GPs face greater prescribing scrutiny under plans to cut medication errors

Health and social care secretary Jeremy Hunt will today unveil a new system for tracing GP prescribing errors, after a review commissioned by the Department for Health and Social Care (DHSC) estimated that 627 deaths a year are caused by medication mistakes in primary care.

The system will link primary care prescribing data to hospital admissions and enable the NHS to see whether a prescribing error has led to an admission. In a speech to the Global Patient Safety summit in London today Mr Hunt will say it is his mission ‘to make the NHS one of the safest healthcare systems’.

RCGP chair Professor Helen Stokes-Lampard welcomed the plans but warned that the new measures must not be used to ‘admonish’ GPs. She said that the long-term solution to addressing medication errors was 'a properly-funded NHS with enough staff to deliver safe patient care'.

The system will initially focus on how medicines may be contributing to admissions for GI bleeding. The DHSC said that ‘doctors will, for example, be able to trace whether a patient prescribed a non-steroidal anti-inflammatory drug on a regular basis ended up in hospital with a gastro-intestinal bleed because they were not given something to protect their digestive system’.

The first range of indicators will be published this spring and then widened to cover more medicines.

Mr Hunt will also announce other measures aimed at reducing medication errors including new protections for pharmacists and pharmacy technicians to prevent them being prosecuted for ‘genuine medication mistakes’.

The roll out of electronic prescribing systems in hospitals will also be 'accelerated', which the DHSC said would help reduce medication errors ‘by up to 50%’. Currently only a third of trusts have an electronic prescribing system in place.

The DHSC also plans to work with doctors, nurses and pharmacists to examine how systems can be changed to help reduce errors, which will include looking at how the design of medication packaging might increase the risk of doctors making mistakes.

Medication errors

The announcement comes as new research commissioned by the DHSC suggested that there are 237m errors a year relating to prescribing, dispensing, administering or monitoring medicines in the NHS in England, although 72% of these cause no harm.

The research, which was carried out by the Universities of Sheffield, Manchester and York, estimated that 66m potentially 'clinically significant errors' occur per year, 71% of which are in primary care. It estimated that avoidable adverse drug reactions in primary care that lead to a hospital admission result in 627 deaths a year, which cost the NHS £83.7m, and that around half of these involve a GI bleed.

Across the NHS, avoidable advese drug reactions cause 712 deaths a year, contribute to 1,708 deaths and cost the health service £98.5m.

The researchers said that error rates in the UK were 'similar to those in other comparable health settings such as the US and other countries in the EU'.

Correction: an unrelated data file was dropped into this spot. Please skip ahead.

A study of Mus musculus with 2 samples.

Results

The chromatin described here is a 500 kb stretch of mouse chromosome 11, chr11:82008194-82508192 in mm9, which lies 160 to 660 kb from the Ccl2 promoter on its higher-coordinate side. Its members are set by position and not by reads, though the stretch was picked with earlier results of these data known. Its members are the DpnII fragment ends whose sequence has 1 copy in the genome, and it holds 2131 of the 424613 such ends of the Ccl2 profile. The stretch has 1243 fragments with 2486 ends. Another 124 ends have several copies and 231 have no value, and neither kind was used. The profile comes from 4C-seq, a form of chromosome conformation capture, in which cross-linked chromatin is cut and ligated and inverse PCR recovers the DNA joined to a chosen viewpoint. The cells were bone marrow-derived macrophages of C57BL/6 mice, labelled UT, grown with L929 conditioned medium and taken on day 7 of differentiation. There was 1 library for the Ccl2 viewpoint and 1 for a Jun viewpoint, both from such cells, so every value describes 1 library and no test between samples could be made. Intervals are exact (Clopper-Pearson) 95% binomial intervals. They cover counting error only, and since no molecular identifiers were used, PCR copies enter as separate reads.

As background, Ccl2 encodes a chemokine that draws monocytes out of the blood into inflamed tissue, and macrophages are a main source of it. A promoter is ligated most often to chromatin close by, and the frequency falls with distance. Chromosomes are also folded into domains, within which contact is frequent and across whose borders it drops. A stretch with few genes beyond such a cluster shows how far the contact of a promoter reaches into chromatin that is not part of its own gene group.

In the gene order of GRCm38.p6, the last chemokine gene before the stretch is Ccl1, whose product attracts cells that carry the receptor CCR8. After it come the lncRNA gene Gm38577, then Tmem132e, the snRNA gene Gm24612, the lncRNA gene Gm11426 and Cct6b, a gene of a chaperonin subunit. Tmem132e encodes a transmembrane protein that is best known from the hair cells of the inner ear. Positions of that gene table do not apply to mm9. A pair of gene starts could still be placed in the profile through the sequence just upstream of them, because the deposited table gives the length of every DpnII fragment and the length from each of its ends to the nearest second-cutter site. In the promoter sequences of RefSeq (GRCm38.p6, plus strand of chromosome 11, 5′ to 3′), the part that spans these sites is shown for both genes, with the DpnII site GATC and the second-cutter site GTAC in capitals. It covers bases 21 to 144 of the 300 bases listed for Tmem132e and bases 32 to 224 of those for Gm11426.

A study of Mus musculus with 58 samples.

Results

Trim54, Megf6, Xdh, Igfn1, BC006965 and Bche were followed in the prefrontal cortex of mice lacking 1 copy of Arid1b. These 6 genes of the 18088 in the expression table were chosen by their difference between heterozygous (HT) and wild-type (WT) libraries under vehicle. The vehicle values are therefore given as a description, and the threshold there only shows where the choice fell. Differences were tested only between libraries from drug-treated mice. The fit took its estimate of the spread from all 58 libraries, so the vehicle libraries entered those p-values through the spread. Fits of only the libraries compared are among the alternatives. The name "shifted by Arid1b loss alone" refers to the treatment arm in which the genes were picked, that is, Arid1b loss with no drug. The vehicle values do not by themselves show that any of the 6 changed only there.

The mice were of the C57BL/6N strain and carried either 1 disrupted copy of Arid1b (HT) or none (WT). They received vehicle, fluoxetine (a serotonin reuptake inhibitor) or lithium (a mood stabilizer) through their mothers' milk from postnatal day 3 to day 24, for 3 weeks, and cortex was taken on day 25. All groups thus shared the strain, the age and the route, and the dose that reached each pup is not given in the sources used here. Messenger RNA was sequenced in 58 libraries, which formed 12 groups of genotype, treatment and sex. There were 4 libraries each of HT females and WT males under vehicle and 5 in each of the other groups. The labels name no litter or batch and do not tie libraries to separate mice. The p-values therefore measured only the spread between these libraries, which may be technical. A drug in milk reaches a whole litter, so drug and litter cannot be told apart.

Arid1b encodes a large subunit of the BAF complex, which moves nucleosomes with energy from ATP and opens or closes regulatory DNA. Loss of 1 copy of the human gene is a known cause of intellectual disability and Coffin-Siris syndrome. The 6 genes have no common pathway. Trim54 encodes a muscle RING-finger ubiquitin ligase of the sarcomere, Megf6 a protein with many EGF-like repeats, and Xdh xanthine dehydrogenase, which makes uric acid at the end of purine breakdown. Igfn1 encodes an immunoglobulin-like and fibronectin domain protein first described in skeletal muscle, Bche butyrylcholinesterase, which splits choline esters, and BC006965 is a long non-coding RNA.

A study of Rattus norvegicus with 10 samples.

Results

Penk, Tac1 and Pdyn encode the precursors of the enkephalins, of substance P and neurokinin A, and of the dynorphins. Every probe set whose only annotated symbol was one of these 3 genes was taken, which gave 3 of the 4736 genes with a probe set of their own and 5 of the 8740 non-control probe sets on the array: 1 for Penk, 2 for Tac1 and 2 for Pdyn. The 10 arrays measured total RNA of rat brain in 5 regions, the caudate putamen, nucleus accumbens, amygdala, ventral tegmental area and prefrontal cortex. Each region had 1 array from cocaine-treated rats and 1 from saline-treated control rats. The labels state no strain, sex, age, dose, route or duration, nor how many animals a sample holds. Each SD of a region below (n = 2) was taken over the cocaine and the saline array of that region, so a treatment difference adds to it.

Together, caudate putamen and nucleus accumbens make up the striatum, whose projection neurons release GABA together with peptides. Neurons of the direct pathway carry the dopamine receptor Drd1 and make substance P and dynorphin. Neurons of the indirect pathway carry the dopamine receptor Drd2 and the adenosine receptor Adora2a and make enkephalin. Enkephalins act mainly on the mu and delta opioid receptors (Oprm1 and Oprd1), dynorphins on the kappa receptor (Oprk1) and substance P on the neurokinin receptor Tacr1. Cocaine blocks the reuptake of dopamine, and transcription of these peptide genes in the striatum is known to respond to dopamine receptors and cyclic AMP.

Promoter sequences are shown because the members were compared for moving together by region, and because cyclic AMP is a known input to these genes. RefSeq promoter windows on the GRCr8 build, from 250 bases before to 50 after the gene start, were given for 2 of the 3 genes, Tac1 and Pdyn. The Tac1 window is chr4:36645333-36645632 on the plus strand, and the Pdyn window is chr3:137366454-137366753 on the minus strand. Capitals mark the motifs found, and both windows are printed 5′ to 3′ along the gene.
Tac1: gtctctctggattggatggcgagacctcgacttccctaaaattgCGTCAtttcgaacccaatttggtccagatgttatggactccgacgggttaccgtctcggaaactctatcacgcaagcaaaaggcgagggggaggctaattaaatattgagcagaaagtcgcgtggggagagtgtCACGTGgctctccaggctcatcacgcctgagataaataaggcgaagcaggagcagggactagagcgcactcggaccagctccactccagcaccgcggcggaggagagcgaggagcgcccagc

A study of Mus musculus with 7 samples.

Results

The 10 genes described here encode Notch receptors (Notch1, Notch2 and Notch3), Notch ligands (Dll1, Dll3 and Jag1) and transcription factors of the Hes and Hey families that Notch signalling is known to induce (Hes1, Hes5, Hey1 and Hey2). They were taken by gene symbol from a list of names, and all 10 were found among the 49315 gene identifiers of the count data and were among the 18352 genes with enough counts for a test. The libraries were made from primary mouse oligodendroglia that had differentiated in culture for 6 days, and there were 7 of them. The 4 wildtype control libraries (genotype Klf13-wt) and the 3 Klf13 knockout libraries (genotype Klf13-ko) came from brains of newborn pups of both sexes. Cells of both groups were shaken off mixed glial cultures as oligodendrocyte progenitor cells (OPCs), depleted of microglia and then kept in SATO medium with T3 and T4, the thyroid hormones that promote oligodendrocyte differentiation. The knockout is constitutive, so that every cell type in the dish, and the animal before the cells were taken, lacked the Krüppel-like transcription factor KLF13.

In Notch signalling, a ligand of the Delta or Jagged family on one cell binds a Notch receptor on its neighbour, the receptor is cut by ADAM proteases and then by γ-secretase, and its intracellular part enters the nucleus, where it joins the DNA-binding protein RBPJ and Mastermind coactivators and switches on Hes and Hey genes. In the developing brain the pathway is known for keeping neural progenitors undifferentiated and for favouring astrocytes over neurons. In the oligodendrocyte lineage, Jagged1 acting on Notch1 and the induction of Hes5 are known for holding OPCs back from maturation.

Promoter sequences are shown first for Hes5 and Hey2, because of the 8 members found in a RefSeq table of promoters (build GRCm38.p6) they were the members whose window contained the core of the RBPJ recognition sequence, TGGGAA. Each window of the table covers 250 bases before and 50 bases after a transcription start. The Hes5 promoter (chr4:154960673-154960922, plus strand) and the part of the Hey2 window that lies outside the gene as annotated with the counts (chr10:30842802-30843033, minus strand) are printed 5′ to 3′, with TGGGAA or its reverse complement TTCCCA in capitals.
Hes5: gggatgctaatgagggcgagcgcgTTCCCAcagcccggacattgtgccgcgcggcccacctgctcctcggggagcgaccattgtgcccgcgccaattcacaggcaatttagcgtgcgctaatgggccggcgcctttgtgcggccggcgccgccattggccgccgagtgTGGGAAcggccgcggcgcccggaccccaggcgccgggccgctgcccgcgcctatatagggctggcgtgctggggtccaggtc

'Error rates per patient in primary care are the lowest but the burden of errors is the second highest due to the size of the sector,' they added.

According to NHS Digital figures 1.1bn items were dispensed in primary care in 2016.

Learning culture

Mr Hunt is also expected to say: ‘We are taking a number of steps today, but part of the change needs also to be cultural: moving from a blame culture to a learning culture so doctors and nurses are supported to be open about mistakes rather than cover them up for fear of losing their job.'

RCGP chair Professor Helen Stokes-Lampard said: ‘GPs already use systems designed to help them prescribe safely, but the college would welcome any additional resources or technology that will help to further minimise the risks of making a medication error. Systems better linking prescribing data in primary care to hospital admissions, sound like a particularly good and necessary step forward.

‘What is essential, is that highlighting that prescribing errors do occasionally happen is not used to admonish hardworking NHS staff – including GPs – for making genuine mistakes, but to address the root cause, and in general practice that is intense resource and workforce pressures, meaning that workloads and working hours are often unsafe for GPs and our teams.

‘New measures to help reduce prescribing risk are certainly helpful, but the long-lasting solution to this is a properly funded NHS with enough staff to deliver safe patient care.’

GPC chair Dr Richard Vautrey said: ‘We hope these plans will lead to improved systems in hospitals and community settings that reduce the possibility of errors as much as possible.

‘GP practices are facing increasing demand on their services, with patients presenting with increasingly complex health problems, so the government needs to continue to work with us to establish a workforce strategy including enabling practices to expand their multi-disciplinary team to help meet patients' needs. 

‘This includes the greater involvement of pharmacists working in, or linked to, practices and surgeries.’